When asked to name three things New Hampshire could do to bring down electricity rates –which are the 3rd highest in the continental U.S.– state representative and former Public Utilities Commissioner Michael Harrington (R-Strafford) told NHJournal.com: “Have the Governor veto SB 446, 365 and 577. It will not reduce electric rates but will help keep them from going up even more.”
Rep. Harrington’s wish is going to come true–partially, at least.
Multiple sources close to Gov. Chris Sununu confirm to NHJournal that he has decided to veto at least one of the contentious energy bills the legislature sent him at the end of the session, and is likely to veto two.
The one bill all but certain to escape a veto is SB 577, which protects some $30 million in ratepayer subsidies to the politically-protected Burgess Biomass plant in Berlin.
“The governor has decided to veto at least one of the [energy] bills,” a source close to the governor told NHJournal, and he’s extremely likely to veto two of them.
“We’ve been told to expect at least one more veto –and perhaps more– from the Governor,” a legislative source confirmed.
The bills in question, Senate Bill 365, Senate Bill 446 and Senate Bill 577 deal with biomass and net metering. All three force ratepayers to subsidize electricity costs at above-market rates, an approach that runs counter to the Sununu administration’s recently released 10-year energy plan.
“New Hampshire policymakers should pursue market-based mechanisms for achieving cost-effective energy, while avoiding preferential quotas and mandates,” the report states. “Mandates to preserve biomass generation impose higher energy costs on ratepayers, and are not a sustainable mechanism to achieve cost-competitive and economically viable energy resources in New Hampshire,” the plan states.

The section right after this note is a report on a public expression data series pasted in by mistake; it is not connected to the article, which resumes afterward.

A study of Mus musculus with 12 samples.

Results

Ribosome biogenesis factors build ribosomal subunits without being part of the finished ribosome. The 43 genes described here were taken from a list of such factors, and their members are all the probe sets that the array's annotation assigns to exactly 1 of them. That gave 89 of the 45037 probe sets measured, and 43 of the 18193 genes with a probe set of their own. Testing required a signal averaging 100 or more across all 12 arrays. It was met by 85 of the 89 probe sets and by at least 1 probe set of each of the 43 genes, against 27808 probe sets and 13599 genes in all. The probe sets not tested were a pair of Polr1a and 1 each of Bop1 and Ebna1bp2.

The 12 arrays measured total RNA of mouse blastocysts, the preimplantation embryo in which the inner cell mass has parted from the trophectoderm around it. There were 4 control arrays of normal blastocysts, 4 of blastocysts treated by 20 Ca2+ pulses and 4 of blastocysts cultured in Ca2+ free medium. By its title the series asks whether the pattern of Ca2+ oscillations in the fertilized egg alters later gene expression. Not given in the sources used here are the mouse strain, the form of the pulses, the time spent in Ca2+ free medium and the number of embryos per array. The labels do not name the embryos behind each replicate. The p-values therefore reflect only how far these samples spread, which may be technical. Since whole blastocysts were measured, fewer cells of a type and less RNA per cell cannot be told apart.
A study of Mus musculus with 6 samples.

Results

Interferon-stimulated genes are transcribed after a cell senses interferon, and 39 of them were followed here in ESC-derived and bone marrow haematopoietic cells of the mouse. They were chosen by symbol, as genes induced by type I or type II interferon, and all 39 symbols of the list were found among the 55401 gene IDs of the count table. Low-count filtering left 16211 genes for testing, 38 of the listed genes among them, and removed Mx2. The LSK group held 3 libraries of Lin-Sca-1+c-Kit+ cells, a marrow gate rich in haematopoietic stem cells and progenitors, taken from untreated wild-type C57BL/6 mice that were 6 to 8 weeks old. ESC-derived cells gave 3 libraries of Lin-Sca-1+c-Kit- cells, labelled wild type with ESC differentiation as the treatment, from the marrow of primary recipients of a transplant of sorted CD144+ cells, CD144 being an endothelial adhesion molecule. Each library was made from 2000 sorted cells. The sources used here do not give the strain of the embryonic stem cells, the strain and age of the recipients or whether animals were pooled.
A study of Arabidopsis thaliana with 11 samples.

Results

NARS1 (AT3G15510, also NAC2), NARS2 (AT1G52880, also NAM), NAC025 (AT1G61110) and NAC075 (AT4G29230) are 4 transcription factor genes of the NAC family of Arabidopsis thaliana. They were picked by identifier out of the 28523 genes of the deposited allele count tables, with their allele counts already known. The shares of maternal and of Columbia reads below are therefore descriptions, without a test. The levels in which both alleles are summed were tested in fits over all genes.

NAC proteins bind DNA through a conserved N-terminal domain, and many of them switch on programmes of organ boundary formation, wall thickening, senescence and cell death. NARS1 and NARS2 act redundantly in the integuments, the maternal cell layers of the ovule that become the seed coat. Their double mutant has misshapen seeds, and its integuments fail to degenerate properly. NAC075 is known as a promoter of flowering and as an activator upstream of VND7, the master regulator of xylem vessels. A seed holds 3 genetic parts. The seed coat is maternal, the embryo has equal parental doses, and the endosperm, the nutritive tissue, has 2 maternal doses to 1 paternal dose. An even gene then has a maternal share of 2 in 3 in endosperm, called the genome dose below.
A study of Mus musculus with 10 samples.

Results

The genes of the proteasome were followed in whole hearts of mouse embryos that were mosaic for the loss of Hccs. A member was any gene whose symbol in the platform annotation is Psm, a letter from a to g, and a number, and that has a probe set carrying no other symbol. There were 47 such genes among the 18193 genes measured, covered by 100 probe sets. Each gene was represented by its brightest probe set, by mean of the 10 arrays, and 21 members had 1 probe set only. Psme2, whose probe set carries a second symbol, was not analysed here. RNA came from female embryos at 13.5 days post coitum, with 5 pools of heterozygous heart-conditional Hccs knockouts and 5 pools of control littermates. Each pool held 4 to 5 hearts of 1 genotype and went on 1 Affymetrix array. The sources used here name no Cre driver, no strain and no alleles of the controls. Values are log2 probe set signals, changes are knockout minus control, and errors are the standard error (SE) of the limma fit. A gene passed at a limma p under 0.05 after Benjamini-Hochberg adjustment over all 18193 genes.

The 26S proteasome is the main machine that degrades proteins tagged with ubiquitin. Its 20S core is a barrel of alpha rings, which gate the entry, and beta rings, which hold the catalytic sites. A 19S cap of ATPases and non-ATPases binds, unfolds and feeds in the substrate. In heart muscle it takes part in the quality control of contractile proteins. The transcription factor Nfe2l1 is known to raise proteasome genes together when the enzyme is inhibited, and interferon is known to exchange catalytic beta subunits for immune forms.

Two of the bills, 365/577, specifically mandate biomass subsidies, while 446 expands “net metering,” a mandate requiring utilities to buy electricity from qualifying renewable generators at above-wholesale prices.
“If the governor vetoed all three bills, that would be a huge win for New Hampshire ratepayers,” Marc Brown of the New England Ratepayers Association told NHJournal. “It would save customers about $60 million a year.”
That scenario is highly unlikely, however. The most expensive of the three bills–an estimated $30 million in annual ratepayer subsidies to the Burgess biomass plant in Berlin–is also the most politically protected. Republicans in the legislature like senate majority leader Jeb Bradley (R-Wolfeboro) have adamantly defended the facility, claiming the 900 or so jobs it provides are vital to the region.
“This is an issue about jobs in the North Country,” said state senator Bob Giuda (R-Warren) during a floor debate. “We don’t need oil from Iraq or natural gas from Texas,” he said. “The wood is ours.”
Energy industry insiders say that, while they believe subsidizing the Burgess Biopower plant is economically inefficient and runs counter to Sununu’s “ratepayers first” strategy, vetoing SB 577 would be politically stupid.
“And Chris Sununu is not stupid,” a Republican political insider told NHJournal.